It is confirmed: teens need more sleep and need to start school later. It is not a demand that teenagers make, but the conclusion of a study published this Thursday. Students have to wake up way too early, depriving them of the sleep they need in order to be healthy and stay concentrated.
The U.S. Centers of Disease Control and Prevention stated that less than 20 percent of U.S. middle schools and high schools start their program at 8:30 AM or later, as it should be. And research conducted by the American Academy of Pediatrics led to the conclusion that adolescents have a biological clock which demands that they sleep more than adults.
Sleep deprivation has an obvious impact on health and academic performance. We should think about how to allow students to get the sleep that they need in order to maintain proper balance. The CDC enforced the idea that sleep is a must in the Morbidity and Mortality Weekly Report.
Epidemiologist Anne Wheaton also commented to the benefits that sleep can offer to students. She mentioned that health, academic performance and safety are the things we should keep in mind before depriving students of sleep. She insists that school starting times are a cause for sleep deprivation.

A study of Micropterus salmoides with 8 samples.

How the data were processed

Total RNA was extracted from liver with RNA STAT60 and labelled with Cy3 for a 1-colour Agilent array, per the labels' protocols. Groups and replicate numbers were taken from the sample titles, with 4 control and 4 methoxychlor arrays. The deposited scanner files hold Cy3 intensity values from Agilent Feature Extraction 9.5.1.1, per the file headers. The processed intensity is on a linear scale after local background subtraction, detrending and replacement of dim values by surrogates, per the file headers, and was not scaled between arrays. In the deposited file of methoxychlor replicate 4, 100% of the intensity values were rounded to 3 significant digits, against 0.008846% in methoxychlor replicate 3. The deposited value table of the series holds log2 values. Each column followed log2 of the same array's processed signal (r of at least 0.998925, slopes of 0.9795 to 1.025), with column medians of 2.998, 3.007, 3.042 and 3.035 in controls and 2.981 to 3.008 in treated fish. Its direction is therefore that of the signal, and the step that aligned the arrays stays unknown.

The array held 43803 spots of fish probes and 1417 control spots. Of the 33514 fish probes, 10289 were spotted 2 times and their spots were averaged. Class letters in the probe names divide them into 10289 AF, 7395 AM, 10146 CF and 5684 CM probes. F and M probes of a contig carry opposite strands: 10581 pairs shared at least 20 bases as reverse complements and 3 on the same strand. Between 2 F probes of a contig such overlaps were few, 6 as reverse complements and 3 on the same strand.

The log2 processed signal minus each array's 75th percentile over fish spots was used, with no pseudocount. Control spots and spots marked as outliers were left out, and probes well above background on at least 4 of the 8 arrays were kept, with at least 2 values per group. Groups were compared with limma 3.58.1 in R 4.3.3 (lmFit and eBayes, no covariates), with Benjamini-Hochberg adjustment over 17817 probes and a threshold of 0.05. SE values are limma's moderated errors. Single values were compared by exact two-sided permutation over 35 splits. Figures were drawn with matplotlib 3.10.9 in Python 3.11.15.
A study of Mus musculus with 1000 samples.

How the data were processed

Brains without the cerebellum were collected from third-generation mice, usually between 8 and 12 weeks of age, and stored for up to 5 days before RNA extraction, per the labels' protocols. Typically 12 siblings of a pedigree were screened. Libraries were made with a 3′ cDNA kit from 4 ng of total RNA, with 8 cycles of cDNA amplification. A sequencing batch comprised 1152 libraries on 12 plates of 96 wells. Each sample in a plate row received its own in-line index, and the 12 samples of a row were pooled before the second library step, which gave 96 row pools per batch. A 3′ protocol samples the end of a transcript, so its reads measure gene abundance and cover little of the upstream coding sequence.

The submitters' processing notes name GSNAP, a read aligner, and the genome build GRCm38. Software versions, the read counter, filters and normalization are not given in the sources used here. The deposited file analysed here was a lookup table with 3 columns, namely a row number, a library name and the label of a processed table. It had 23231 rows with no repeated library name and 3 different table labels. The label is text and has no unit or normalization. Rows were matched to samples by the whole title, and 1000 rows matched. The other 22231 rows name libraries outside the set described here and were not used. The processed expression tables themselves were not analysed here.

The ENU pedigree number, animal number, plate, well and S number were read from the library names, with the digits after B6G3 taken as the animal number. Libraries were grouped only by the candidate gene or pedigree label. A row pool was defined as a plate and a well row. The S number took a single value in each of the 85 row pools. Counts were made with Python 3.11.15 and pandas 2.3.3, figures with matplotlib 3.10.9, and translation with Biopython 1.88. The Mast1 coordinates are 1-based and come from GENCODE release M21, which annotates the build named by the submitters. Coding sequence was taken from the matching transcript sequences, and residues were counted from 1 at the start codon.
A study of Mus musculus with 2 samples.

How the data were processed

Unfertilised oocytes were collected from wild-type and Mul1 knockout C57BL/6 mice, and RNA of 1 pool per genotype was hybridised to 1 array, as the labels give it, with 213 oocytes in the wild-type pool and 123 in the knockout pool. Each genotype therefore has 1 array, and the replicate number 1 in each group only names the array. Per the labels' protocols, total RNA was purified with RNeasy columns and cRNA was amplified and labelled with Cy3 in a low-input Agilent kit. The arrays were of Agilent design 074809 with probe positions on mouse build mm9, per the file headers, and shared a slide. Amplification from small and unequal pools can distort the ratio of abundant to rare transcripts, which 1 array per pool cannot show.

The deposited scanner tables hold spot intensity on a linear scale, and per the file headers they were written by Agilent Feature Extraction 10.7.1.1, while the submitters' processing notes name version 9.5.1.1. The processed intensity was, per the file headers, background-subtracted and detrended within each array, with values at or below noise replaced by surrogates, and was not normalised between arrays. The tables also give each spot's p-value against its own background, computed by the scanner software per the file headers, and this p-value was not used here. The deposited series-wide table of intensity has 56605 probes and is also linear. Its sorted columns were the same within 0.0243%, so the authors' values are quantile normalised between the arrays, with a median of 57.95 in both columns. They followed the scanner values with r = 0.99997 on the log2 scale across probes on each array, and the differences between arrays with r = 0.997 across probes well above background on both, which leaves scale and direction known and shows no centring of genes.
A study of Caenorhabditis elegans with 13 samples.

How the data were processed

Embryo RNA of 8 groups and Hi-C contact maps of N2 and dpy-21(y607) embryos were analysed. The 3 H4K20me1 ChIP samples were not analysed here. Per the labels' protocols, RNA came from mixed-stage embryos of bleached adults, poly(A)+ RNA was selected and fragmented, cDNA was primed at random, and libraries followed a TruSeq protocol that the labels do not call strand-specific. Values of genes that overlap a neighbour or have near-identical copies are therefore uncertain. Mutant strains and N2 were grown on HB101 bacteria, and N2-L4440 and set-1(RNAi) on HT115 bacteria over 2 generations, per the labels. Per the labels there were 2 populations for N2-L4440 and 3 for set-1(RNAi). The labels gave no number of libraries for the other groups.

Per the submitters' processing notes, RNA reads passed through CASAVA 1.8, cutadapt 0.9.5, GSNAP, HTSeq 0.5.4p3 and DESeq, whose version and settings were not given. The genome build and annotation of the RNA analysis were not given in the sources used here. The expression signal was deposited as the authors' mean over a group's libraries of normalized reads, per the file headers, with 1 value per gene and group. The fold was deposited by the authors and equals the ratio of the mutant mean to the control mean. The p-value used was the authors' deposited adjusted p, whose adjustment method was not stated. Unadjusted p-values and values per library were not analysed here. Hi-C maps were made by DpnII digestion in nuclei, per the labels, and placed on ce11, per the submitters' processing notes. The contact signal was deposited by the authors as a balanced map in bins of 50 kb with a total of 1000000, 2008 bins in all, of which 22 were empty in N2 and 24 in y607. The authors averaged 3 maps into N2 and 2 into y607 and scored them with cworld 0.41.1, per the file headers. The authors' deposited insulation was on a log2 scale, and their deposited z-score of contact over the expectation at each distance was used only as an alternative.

Around 60 percent of U.S. students are considered to be sleep-deprived and schools have been asked time and time again to begin at 8:30 AM so that students could be allowed to get the approximately 9 to 10 hours that they need to sleep. Yet the exact percentage of schools that are starting at this hour is 17.7.
Doctors are trying to raise awareness by mentioning physical or psychological side-effects that can be visible outside the classroom. Some of the most concerning ones are drug use, alcohol drinking, tobacco smoking or being overweight.
Even though parents and doctors have urged schools to take the appropriate measures, administrations refuse to do so. The main argument is that extra-curricular activities would be extremely difficult to organize if they were to change the schedule in such a manner. While their argument is understandable, it is also rather absurd. How hard would it be to organize extra-curricular activities without one extra hour in the program?
While parents remain concerned and administrations fail to act, students are still forced to sleep less and come to school very early whilst being tired. For the time being, we must hope that the requests will no longer fall onto deaf ears and that action will be taken to secure the wellbeing of our children.